What exactly is the melting ice?
The melting ice is a problem that we have been facing for quite a while now. It is when big chunks of sea ice or glaciers start to melt into the water. It is a natural occurrence, but it has been getting steadily worse due to climate change.
Where is this happening?
Glaciers, ice sheets & sea ice in and near Antarctica, the Arctic & Greenland have been melting. The Arctic sea ice that forms during the winter has decreased every year since 1979. Glaciers - as well as huge ice sheets covering Greenland, Antarctica and the Arctic - are shrinking.
What causes it?
The melting ice is believed to be caused by global warming. Global warming is when the earth gradually gets hotter. The world’s average temperature is rising on average 0.13C per decade. This is twice as quickly as in the previous century. Polar regions are warming twice as fast as other parts of the world.
Who is affected?
In fact, everyone will actually be affected by the melting ice. Primarily, the wildlife species living on the ice that is melting will lose their habitat, causing them to become endangered or extinct. This in turn could disrupt the food chain which would affect humans.
Between 1901 and 2010, the average global sea level has risen by 19cm. This means that areas near the coast are more at risk from flooding. Weather patterns can also become worse, as natural disasters (such as hurricanes and typhoons) will occur more often. If all the ice that existed on the earth in glaciers and ice sheets melted, the sea level would rise by around 216 feet. This could cause entire states and countries to disappear under the waves - from Florida to Bangladesh!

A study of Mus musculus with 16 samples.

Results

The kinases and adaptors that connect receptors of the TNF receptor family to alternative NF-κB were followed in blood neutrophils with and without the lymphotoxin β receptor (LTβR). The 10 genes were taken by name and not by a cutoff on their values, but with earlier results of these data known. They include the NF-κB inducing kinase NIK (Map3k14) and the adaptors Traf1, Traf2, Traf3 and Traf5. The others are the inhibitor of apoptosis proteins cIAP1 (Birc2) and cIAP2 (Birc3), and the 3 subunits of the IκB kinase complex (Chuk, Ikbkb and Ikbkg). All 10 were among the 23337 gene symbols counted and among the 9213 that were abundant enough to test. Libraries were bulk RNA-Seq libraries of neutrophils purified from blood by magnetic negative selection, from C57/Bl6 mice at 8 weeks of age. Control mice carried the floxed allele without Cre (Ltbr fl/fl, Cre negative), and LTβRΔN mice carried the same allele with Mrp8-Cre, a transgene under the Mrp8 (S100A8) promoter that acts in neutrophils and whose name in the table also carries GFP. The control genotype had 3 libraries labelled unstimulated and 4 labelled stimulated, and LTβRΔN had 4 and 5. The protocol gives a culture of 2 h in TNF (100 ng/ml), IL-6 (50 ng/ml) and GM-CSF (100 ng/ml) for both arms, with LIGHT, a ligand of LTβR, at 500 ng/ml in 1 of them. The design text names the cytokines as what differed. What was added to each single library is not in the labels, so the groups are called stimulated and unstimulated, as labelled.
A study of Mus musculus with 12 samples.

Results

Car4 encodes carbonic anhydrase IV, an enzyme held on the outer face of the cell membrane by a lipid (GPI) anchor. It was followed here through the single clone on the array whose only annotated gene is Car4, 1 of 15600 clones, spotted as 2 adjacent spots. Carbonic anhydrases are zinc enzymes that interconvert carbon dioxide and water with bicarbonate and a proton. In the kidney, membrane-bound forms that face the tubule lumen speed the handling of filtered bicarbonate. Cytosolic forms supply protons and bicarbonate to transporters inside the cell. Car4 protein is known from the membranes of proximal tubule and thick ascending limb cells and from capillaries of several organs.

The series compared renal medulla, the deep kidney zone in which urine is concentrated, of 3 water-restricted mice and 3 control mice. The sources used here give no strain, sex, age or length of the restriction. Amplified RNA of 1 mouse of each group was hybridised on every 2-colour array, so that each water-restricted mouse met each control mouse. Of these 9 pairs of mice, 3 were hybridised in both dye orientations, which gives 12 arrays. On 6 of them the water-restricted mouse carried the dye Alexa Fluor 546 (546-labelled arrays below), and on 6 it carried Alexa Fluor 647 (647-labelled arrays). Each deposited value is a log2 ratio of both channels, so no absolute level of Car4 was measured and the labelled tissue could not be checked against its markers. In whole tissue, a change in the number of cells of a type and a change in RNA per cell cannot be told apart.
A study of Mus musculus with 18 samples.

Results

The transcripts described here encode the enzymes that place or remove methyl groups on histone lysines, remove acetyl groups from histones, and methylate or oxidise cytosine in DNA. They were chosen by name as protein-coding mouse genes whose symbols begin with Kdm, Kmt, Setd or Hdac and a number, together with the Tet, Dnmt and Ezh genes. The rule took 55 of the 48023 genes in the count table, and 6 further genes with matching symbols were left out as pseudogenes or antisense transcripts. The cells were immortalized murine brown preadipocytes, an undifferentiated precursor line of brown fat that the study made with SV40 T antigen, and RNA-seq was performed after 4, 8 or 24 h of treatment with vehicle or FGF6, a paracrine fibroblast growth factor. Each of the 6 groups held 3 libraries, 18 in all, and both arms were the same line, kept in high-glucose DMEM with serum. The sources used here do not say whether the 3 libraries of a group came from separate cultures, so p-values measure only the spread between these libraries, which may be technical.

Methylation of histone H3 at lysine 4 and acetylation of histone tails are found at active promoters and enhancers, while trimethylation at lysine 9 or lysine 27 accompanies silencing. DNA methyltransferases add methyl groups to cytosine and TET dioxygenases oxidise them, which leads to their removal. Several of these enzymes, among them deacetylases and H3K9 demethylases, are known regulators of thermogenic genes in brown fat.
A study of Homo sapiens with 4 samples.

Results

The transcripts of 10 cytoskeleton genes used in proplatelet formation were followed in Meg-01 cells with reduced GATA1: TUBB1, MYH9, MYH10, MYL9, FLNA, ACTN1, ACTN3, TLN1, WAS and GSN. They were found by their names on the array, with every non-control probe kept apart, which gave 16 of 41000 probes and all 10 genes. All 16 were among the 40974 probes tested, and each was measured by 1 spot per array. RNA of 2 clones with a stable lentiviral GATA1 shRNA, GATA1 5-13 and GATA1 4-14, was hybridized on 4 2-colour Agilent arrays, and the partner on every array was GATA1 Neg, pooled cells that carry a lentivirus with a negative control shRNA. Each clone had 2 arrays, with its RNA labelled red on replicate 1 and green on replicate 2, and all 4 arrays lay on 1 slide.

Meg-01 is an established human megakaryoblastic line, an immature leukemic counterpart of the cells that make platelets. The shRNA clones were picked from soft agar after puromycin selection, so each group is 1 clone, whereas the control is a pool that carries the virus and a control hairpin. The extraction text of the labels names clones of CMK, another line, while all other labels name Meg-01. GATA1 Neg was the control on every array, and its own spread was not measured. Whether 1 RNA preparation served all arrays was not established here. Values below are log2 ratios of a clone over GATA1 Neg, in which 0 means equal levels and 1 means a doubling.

How much ice has been melting?
A great amount of ice has melted over the years, but the amount has been increasing rapidly. On the first of August 2018, 12.5 billion tons of ice melted from the Greenland ice sheet in one day! Also, a study from NASA, an average of 400,000,000,000 tons of ice melts per year!
We all need to unite and collaborate to achieve the targets of the Paris Climate
Agreement. This aims to stop the global temperature from rising more than 2ºC above the levels that existed before the Industrial Revolution - and to try and limit it to below 1.5ºC. Good news is that we have already started to become aware of how serious this issue is. In fact, a funeral was held for the first glacier that ever melted in Iceland - the Okjökull Glacier.
We need to spread more awareness so that we can together save the melting ice. Let’s use the power of the hashtag to spread this message: #savetheice.